My German ancestry reflects quality research from several sources.
Several times a year, I hire an excellent professional German genealogist and historian, Jens Müller (formerly Müller-Koppe) of Møssingen (formerly Bremen), Germany, to do research on my maternal lines from northwest Germany. Most of his research has been with German Lutheran church records, but occasionally civil records too. Other relatives and I have done research with microfilmed German church records for several lines from Württemberg. Some of the early ancestral information that connects to the Shumaker ancestry came from very well-documented publications. Also, the following people have shared German research findings with me and deserve much credit: Charles Edward Steffler, Charles B. Goodwin, Joycelyn H. Spellman, and Regis J. Zagrocki. On my direct paternal side, we were fortunate to have had a relative in Wain, Germany, Emil Schliesser (born 1911), who was a Lutheran minister. He had access to German church records and charted the direct Schliesser ancestry back to the 1600s.
My Norwegian research has been a long and gratifying adventure. In the mid-1990s, the only thing I knew about my great grandmother, Alice M. (Lee) Schliesser, is that she was of Norwegian descent and had been born on November 21, 1879, in Ada, Minnesota. I started by writing a letter to the pastor of a Lutheran church in the town where she was born. I hoped this had been the church that served the Norwegian community in the 1800s. The church secretary replied with good news. The old church records included my great grandmother's baptismal record and other records of her family. I obtained her parents' names (Knute Gulliksen Lee/Lien and Synneva Olsdatter Børsheim/Burshem), their places of birth, and even her grandfathers' names. This was extremely helpful information that allowed me to continue my research, headed in the right direction. As it turned out, my immigrant Norwegian ancestors were: Ole Olsen Børsheim & Seborg Tostensdatter Jørstad, and Knute Gulliksen Lien & Berit Knudsdatter Østrem. For a period of several years, I focused intensively on these families using microfilmed Norwegian and American church records and civil records. To get started with this research, I had generous help from Alden Lien, Karen Kuhlman, Betty Rockswold, and Jan Edvardsen.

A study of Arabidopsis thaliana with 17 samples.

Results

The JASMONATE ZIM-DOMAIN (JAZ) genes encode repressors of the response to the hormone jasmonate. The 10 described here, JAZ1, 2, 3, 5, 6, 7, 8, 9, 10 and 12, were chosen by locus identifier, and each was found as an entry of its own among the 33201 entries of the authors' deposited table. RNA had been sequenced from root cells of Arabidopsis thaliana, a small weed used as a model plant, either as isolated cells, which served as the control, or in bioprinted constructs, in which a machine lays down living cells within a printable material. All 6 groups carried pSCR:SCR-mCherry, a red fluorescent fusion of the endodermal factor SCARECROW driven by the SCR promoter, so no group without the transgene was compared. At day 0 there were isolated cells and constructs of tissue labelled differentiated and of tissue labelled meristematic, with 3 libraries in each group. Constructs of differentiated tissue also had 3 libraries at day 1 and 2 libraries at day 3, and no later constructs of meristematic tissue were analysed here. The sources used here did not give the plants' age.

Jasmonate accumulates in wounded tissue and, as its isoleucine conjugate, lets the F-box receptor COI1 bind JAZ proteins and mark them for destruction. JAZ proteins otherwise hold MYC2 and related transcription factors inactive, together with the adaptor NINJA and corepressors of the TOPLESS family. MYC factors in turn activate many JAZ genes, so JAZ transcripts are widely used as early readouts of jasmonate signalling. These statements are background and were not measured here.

From 1999-2002, I (Martha Hicks) endeavored to make a virtually complete record of the Børsheim (Borsheim/Burshem) branch. I was able to find nearly every available record for the families of Ole Olsen Borsheim (1815-1868) and Seborg Tostensdatter Jorstad (1820-abt.1865)... including their ancestors and descendants. Both Ole and Seborg were widowed shortly after immigration, and my research extended to their prior spouses and children. I left no stone unturned in my search to find information and verify the data for them. I located all of their baptismal records in microfilmed church records. In the course of this research, I was able to correct wrong birth dates attributed to both Ole and Seborg. Ole's birth date had been listed by another source as 1817. This was a mix-up with his maternal cousin, Ole Olsen, of the Opheim farm, who died in infancy. I emailed those I found who listed this incorrect date to let them know the correct date. (One cause for the mix-up might be that Ole spent about a year working for his uncle on the Opheim farm, prior to immigration. During that time, he was temporarily associated with the Opheim name.) I was also able to correct Seborg's birth date. Her grave stone lists her birth year incorrectly as 1819, but her baptismal record clearly lists the date as January 28, 1820 (and her baptism took place the following month). Although, Seborg's family moved to additional farms during her childhood, she and one brother were born on the Jørstad farm. Norwegians used a patronymic naming system along with the name of their current farm of residence. Therefore, most Norwegians did not use the same farm name throughout their lives. In my records, I chose to list each person with the farm name/surname in effect at the time of their birth (and made note of later farms where they resided). Therefore, I chose to list Seborg's maiden name as Jørstad.
I (Martha Hicks) estimated Seborg's death date as "about 1865" based on the following evidence: First of all, it is known that she died before Ole. He died as a widower in 1868. The Big Canoe church records list Seborg as a baptismal sponsor (godmother) for her grandchildren in 1864, giving an indication of when she was last known to be alive. However, she does not appear in the church's death records that were started in 1866. This leads me (Martha Hicks) to conclude that she died between late 1864 and the end of 1865. Thus, I have estimated Seborg's death date to be about 1865.
For this family, in addition to church records, I (Martha Hicks) also acquired data from bydeboks (Norwegian books), passenger lists, American vital records, state and federal censuses, cemetery records, probate records, etc. I have amassed a huge amount of Norwegian ancestral information, along with a large registry of the descendants. The descendant data was most focused on the branches Ole and Seborg's youngest son and daughter, Tosten (aka Thomas) and Synneva (aka Susan). These descendants comprise the Schliesser and Burshem branches. For the Burshems, I gathered most of the data by making phone calls to individual family members in each branch.
More recently, as time permits during the past couple of years, I have focused on the Spiegel and Goho families of Pennsylvania and Ohio. Some of the research results are not yet posted on my website.
I maintain detailed source data in my main (offline) database. It is a massive-sized file and contains some private notes, which I have not uploaded to the internet.